Remember when you were a kid and you would call up your friend and say, “Hey! You wanna come over?” And then your friend would come over and you would hang out or play and it was awesome?
Once we become adults, it gets harder to just call up our friends and ask them to come over. Part of it is busy schedules. But let’s be honest, a lot of what keeps us from these impromptu get-togethers is the work we have come to associate with them: the big meal, the clean house, the centerpiece, the playlist …
We no longer “hang out”; we “entertain.” But as a guest, do you really want to be entertained? To me, that sounds exhausting. Wouldn’t you rather just hang out? I know I would. And I came to realize that my friends would, too. (I am by no means disparaging dinner parties, because I also love those—in their time and place.)
In recent years, widespread attention has been given to the increase in “social isolation” and a significant decrease in social connection. Accompanying the surge in social media has been a drastic escalation in loneliness, and a prevailing dissatisfaction with life. While theories abound regarding trends and causes, the overwhelming theme is that many of us are searching for connection and community.
When we lived in St. Louis, we discovered we weren’t the only ones searching. We held a weekly Pizza Night for four-plus years. Every Wednesday, I made pizza and we opened our doors to any and all who showed up. People brought salads, drinks, veggies for the kids, desserts, and plenty of adult beverages. Some weeks there were 12 people, but most weeks it was more like 40. On the last Pizza Night we hosted, 100-plus people showed up.
We adults would hold down the fort in the kitchen, and the kids had the rest of the house and yard. People didn’t come because of my amazing pizza (though it is). They came for the community. We needed each other. We went through birthdays, baby gender reveals, divorce, adoption struggles, general parenting challenges, work achievements, etc. And boy, did we laugh!
We didn’t share a common age, race, political view, educational background or income level. We shared life. And it made life meaningful. That was one of the hardest parts of moving away from St. Louis.
We have discovered (thank God!) that we aren’t the only ones searching for connection in WNY, either. That’s what I love about summer at our farm, Ballyhope. We “hang out” in the winter as well, but it’s the perfect place during summer to have impromptu gatherings. School is out, along with all the sports and activities that keep us driving our teenagers around. It’s warm and green—and sometimes it’s even not raining!
We hand the kids walkie talkies and set them loose on the property to explore and play, and get muddy and wet. (We advise our friends to bring muck boots and a change of clothes for the kiddos.) We sit in Adirondack chairs in a clearing or around the fire in our “campsite,” drink adult beverages, and breathe and laugh and just hang out. It is the best.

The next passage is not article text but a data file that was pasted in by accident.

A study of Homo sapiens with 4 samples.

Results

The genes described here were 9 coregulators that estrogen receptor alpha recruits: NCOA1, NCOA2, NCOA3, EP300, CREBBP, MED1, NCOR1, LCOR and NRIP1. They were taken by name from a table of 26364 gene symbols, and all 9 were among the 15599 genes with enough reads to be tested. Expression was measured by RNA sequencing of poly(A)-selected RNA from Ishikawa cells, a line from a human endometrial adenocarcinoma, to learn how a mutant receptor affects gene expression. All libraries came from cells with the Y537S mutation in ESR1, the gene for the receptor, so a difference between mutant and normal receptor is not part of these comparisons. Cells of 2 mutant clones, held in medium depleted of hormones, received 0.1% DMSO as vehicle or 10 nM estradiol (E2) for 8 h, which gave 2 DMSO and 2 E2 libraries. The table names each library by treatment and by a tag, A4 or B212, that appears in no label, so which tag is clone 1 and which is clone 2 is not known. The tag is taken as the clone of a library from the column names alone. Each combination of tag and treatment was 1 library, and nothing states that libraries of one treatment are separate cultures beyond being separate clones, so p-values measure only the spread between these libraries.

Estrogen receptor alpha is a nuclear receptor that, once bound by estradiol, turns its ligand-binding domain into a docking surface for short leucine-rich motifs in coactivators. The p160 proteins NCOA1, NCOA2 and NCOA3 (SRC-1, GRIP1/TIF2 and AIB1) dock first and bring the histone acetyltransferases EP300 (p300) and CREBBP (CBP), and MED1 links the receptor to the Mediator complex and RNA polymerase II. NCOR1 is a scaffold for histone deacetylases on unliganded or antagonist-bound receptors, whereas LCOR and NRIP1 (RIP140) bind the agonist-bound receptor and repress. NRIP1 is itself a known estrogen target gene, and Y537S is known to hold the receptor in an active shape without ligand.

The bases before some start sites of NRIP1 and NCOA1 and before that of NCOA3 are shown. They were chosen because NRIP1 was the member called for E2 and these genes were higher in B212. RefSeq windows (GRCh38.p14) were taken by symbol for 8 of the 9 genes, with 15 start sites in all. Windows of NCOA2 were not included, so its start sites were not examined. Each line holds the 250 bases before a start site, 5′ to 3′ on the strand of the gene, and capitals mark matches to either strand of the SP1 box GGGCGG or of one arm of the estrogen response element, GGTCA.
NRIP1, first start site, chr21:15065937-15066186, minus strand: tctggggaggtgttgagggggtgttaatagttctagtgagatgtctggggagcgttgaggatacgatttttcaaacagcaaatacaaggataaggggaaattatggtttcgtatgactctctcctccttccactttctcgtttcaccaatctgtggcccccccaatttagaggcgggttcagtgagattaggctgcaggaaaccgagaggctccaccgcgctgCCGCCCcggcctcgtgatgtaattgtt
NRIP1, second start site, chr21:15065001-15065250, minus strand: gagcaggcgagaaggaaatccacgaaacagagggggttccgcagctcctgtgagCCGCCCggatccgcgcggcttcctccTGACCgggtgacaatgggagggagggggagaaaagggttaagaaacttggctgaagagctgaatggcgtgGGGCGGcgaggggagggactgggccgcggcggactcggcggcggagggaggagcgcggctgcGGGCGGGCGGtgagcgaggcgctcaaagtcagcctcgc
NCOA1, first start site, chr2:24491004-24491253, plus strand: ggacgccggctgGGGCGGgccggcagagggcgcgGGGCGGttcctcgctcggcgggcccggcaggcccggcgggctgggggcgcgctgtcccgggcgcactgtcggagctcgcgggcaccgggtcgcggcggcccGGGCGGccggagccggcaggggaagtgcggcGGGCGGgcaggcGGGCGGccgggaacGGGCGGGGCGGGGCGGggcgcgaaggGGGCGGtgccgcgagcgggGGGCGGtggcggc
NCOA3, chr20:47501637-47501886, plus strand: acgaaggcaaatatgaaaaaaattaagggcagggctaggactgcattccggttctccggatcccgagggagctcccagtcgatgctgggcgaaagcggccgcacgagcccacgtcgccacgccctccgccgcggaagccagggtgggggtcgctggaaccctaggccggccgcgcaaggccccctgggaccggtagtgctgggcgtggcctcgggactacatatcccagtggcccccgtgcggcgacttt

Friends frequently drop by at dinnertime with anything they've picked up at a farm stand on the way and a growler from our neighbor, Southern Tier Brewing Company. Combined with whatever has shown up in my CHQ Local basket and my wine club, we can put together a pretty amazing fresh meal on our grill.
But it’s not even about the food. These are not gourmet meals. We’ve gnawed on plenty of over-grilled chicken and hockey puck hamburgers that tasted of lighter fluid.
Instead, it's about the connection we make while cooking and gathering around the table or the fire pit. It’s about the relief and renewal of our spirit that comes from sharing life and laughter with people around whom we can drop our pretenses and “public” personas. It’s a huge piece of “hygge”: the Swedish way of life that has become a new trend in America. It’s not a decorator’s contrivance of cozy home accessories; it’s that indescribable feeling of authentic connection.
I’ll go ahead and kill any idea that you might have of the Hagel clan living in a refurbished, stylishly decorated, dream farmhouse. We do not. I promise that if there is ever an interior shot of the Ballyhope farmhouse, it is carefully staged with all the mess just out of view.
We are a busy family with six kids, two of which are homeschooled, plus a hobby farm. Our house leans heavily toward messy chaos. (Children have a tendency to leave doors open in the summertime, and I’ll admit that we've had kitchen visits by a stray sheep or goose who immediately regretted her decision to wander in.)
So, if we were waiting for the house to be in the state of a design magazine, we would never know the joys of relaxed, adult friendships. Of course, we vacuum, we clean the bathroom, we clear the couch of piles of folded laundry. But to “hang out,” we don’t need to clean off the top of the fridge, arrange flowers, or clear the stacks of farm business off the buffet. Frankly, in summer, we really just need to clean the path from the backdoor to the bathroom, because everything else can take place in the perfectly decorated natural environment of beautiful Western New York.